Now more than ever, we need to attend to employee experience, also known as EX.
Employee engagement has dropped more significantly than any other time in the last 20 years, Gallup recently reported. Only 36% of employees are currently engaged, and 14% are actively disengaged. Given all the changes that have disrupted business in the past six months, it’s clear we can’t rely on the old ways of engaging employees.
To ensure employees are ready and excited to give their best effort, we need to rethink EX. Check out these three recommendations for cultivating the organizational culture you need.
It’s time to update employee experience.
The COVID-19 pandemic has created workplace safety concerns, operational changes and more virtual work. The social justice movement has increased demands for authentic employee diversity and inclusion. And the economic downturn means companies need employees to do more with less. So it’s clear that the old ways of engaging employees are no longer going to work.
And just to make sure we’re all on the same page, when I say employee experience, or EX, I mean the sum of everything employees experience throughout their connection to our organizations. From the first moments of recruiting, through onboarding, training, comp and benefits, performance management to the end of employment — and all the day-to-day experiences along the way, such as communication and access to resources and tools.
In these unprecedented times, we need to rethink EX and ensure our employees are unified, focused and motivated. Here are three recommendations for doing so:
1. Deliberately design and manage EX
Just like great customer experiences, great EX doesn’t just happen. We need to infuse our purpose and core values into employees’ every day experience and ensure we are cultivating our desired culture.
And this needs to be a priority now. On average, nearly two-thirds of our employees are not engaged, according to Gallup, so the health of our workforce is at risk – and we’re not going to be able to get our operations and finances in order without engaged employees.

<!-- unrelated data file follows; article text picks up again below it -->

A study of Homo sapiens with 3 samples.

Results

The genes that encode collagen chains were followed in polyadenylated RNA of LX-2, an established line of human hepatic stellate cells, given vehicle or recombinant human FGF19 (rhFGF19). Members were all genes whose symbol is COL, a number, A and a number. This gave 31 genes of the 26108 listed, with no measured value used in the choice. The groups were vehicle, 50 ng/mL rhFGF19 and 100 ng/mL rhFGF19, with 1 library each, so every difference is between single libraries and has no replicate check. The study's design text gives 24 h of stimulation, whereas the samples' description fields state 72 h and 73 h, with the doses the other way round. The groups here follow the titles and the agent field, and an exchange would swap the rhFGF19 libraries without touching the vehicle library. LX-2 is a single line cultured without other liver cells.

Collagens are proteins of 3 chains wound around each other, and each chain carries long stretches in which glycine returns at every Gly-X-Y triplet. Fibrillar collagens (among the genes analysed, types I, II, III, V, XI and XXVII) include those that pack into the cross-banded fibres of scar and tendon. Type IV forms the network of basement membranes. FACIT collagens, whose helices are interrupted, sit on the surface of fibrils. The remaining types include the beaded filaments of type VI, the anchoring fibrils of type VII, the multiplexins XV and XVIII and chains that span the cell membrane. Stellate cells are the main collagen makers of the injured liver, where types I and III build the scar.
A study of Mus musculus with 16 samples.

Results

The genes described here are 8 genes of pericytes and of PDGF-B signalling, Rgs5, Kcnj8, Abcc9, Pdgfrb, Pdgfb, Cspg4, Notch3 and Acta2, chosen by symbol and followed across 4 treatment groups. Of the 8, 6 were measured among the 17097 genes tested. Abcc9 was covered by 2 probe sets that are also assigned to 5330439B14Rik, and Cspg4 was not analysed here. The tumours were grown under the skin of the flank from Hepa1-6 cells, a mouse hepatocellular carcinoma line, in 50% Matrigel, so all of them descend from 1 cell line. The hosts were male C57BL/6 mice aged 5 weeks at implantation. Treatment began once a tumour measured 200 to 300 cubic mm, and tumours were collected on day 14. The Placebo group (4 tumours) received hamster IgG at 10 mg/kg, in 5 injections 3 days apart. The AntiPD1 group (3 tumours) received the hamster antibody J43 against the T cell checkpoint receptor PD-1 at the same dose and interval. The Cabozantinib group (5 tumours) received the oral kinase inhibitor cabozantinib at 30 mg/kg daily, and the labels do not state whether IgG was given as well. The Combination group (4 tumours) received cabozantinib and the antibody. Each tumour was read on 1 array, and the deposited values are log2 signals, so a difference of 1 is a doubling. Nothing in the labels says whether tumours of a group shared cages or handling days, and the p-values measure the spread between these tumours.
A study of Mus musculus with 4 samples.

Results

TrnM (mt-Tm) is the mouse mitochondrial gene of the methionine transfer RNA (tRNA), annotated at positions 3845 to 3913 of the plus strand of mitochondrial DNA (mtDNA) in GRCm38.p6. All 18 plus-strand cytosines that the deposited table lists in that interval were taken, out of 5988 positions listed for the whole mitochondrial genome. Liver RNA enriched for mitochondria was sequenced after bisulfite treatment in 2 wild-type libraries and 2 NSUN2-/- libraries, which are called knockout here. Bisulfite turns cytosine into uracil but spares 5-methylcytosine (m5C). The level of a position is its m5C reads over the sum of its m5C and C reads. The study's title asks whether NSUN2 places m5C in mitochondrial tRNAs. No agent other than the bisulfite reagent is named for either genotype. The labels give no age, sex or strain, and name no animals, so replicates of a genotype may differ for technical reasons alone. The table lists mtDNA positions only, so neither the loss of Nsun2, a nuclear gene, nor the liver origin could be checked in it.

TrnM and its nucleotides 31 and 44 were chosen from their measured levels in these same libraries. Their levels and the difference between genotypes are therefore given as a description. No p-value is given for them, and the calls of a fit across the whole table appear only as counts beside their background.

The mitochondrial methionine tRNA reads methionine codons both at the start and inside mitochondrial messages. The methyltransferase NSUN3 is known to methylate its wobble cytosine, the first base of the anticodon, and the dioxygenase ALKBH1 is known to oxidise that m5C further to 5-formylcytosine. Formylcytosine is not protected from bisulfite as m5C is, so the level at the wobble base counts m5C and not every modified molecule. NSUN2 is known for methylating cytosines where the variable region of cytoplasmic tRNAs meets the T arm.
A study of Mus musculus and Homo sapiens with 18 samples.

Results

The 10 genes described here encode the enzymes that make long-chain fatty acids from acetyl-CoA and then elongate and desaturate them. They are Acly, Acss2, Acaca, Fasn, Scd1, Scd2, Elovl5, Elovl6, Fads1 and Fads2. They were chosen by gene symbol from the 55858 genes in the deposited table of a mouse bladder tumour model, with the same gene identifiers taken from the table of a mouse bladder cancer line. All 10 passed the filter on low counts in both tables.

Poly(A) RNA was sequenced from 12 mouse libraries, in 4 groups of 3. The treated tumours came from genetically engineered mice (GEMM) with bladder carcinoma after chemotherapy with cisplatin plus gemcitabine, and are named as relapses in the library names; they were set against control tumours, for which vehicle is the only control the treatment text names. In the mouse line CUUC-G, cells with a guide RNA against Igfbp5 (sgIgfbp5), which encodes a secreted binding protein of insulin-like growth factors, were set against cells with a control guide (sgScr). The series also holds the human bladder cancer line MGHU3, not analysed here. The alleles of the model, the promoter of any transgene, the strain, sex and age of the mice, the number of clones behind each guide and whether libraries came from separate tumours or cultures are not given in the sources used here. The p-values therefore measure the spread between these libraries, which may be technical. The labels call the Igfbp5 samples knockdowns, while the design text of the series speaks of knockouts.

So make EX a strategic priority and assign the people and resources necessary to develop a concerted renewed effort.
2. Involve employees in EX design
Now more than ever, we need to be listening to our employees and learning their needs and expectations. And we need to ensure we are hearing from different groups within our workforce so we understand the differences between them. For example, parents with school-aged children face unique challenges, and Black employees may want to be engaged differently.
We should seek to learn from formal and informal conversations with employees. And we can apply customer research and analysis tools, such as listening channels, pulse surveys and sentiment analysis, to further understand employees.
Plus, we should involve them in the development and testing of EX strategies, tactics and programs. They can provide valuable insights about what’s working, what not and why.
3. Be sure to make personal connections
This last recommendation is primarily about employees working remotely. There are a lot of benefits of having a virtual workforce but one of the risks is the loss of social cohesion and comradery.
The Gallup organization has found that having a best friend at work is an important foundation that enables employees to thrive. This best friend provides an important support system for an employee and employees with a best friend at work are more connected to the organization.
But without face-to-face interaction and the informal “watercooler” conversations of in-person work, employees may find it harder to develop or maintain close friendships with their co-workers. And we’ve all experienced the challenge of having a robust dialogue among a group of people over the phone or video call. So people’s ability to not only express themselves but also to truly understand others is likely to be compromised.
So we need to work harder to ensure we are connecting with employees on a personal level and facilitating personal connections between employees. We should consider virtual social gatherings, Slack channels for personal/social topics, more one-on-ones or smaller meetings, and group service or volunteer projects that can be done remotely.
EX has definitely been disrupted, but that’s not necessarily a bad thing. We can seize the moment to take our employee efforts to the next level and create a healthier, more effective culture.